Protesters shout slogans during a demonstration against the military coup in front of the Myanmar Economy Bank in Yangon on February 16, 2021.
Protesters shout slogans during a demonstration against the military coup in front of the Myanmar Economy Bank in Yangon on February 16, 2021.
AFP

Yangon: Myanmar's military has repeated its promise to hold new elections and relinquish power as anti-coup protests continue across the country.

Army spokesman Brigadier General Zaw Min Tun, once again claimed that the military took control after alleged voter fraud, but did not provide any evidence.

“Our objective is to hold an election and hand power to the winning party,” Zaw Min Tun told the junta’s first news conference since overthrowing Suu Kyi’s government.

The military has not given a date for a new election but has imposed a state of emergency for one year. Zaw Min Tun said the military would not hold power for long.

“We guarantee ... that the election will be held,” he told the nearly two-hour news conference, which the military broadcast from the capital, Naypyitaw, live over Facebook, a platform it has banned.

Asked about the detention of Nobel prize winner Suu Kyi and the president, Zaw Min Tun dismissed the suggestion they were in detention, saying they were in their homes for their security while the law took its course.

He also said Myanmar’s foreign policy would not change, it remained open for business and deals would be upheld.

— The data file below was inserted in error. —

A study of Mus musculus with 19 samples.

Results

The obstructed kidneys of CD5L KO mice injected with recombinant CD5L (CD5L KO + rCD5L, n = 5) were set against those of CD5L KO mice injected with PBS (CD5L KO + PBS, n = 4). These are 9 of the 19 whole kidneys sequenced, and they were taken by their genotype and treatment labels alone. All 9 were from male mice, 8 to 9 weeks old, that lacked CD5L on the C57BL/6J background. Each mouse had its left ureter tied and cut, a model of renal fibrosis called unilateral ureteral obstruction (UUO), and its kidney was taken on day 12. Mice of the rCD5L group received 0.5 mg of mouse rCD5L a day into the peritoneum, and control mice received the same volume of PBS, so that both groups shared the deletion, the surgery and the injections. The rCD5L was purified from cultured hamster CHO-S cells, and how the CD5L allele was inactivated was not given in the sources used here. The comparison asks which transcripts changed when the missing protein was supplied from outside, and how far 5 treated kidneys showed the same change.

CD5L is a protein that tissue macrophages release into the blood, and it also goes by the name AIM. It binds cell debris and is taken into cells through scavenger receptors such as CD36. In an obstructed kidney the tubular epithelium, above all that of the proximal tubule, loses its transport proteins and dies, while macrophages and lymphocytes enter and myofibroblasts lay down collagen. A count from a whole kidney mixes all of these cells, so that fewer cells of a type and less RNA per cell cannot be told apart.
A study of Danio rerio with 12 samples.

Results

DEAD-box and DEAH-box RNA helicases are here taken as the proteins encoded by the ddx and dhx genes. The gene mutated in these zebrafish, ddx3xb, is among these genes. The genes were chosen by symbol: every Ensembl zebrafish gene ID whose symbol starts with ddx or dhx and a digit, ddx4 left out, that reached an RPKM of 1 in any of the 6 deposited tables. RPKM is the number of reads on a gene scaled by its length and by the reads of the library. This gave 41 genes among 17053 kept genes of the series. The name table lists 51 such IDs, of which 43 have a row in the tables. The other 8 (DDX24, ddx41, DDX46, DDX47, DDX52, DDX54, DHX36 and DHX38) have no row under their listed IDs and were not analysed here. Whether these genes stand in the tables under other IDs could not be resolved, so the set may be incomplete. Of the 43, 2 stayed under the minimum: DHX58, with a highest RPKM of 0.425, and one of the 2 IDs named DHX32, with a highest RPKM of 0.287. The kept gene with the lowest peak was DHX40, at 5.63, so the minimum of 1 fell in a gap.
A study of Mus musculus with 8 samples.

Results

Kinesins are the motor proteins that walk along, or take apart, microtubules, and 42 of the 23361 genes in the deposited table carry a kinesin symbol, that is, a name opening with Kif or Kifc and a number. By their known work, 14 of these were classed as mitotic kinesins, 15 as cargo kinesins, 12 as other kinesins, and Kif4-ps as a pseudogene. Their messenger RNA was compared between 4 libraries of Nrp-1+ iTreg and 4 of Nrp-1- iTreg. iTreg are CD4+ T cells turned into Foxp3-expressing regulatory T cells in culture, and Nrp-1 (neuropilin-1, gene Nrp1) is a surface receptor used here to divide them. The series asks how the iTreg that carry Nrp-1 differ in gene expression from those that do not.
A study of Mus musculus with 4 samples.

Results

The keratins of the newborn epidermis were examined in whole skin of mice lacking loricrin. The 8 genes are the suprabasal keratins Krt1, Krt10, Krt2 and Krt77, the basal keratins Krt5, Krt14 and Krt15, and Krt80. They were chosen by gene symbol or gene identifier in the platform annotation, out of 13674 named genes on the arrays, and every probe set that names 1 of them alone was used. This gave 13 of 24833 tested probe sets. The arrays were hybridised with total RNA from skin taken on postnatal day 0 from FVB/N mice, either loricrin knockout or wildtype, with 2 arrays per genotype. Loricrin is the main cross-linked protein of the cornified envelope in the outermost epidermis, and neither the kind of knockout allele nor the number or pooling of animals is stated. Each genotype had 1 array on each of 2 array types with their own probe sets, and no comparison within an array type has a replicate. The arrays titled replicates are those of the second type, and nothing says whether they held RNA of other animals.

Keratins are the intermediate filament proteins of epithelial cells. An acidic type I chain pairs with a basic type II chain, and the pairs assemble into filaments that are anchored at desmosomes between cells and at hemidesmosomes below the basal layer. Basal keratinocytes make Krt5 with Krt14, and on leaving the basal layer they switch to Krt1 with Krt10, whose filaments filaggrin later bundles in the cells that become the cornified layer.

The military will be hoping its reassurances will dampen the campaign of daily opposition to its rule and to the ousting Suu Kyi and her government.

As well as the demonstrations in towns and cities across the ethnically diverse country, a civil disobedience movement has brought strikes that are crippling many functions of govt.

Meanwhile, peaceful demonstrations against Myanmar's military takeover resumed Tuesday, following violence against protesters a day earlier by security forces and after internet access was blocked for a second straight night.

Groups of demonstrators turned out early in Yangon and other cities to protest the Feb. 1 coup and demand that the nation's elected leader, Aung San Suu Kyi, and members of her ousted government be freed from detention.

In Yangon, police blocked off the street in front of the Central Bank, which protesters have targeted amid speculation online that the military is seeking to seize money from them.

Buddhist monks demonstrated outside the U.N.'s local office.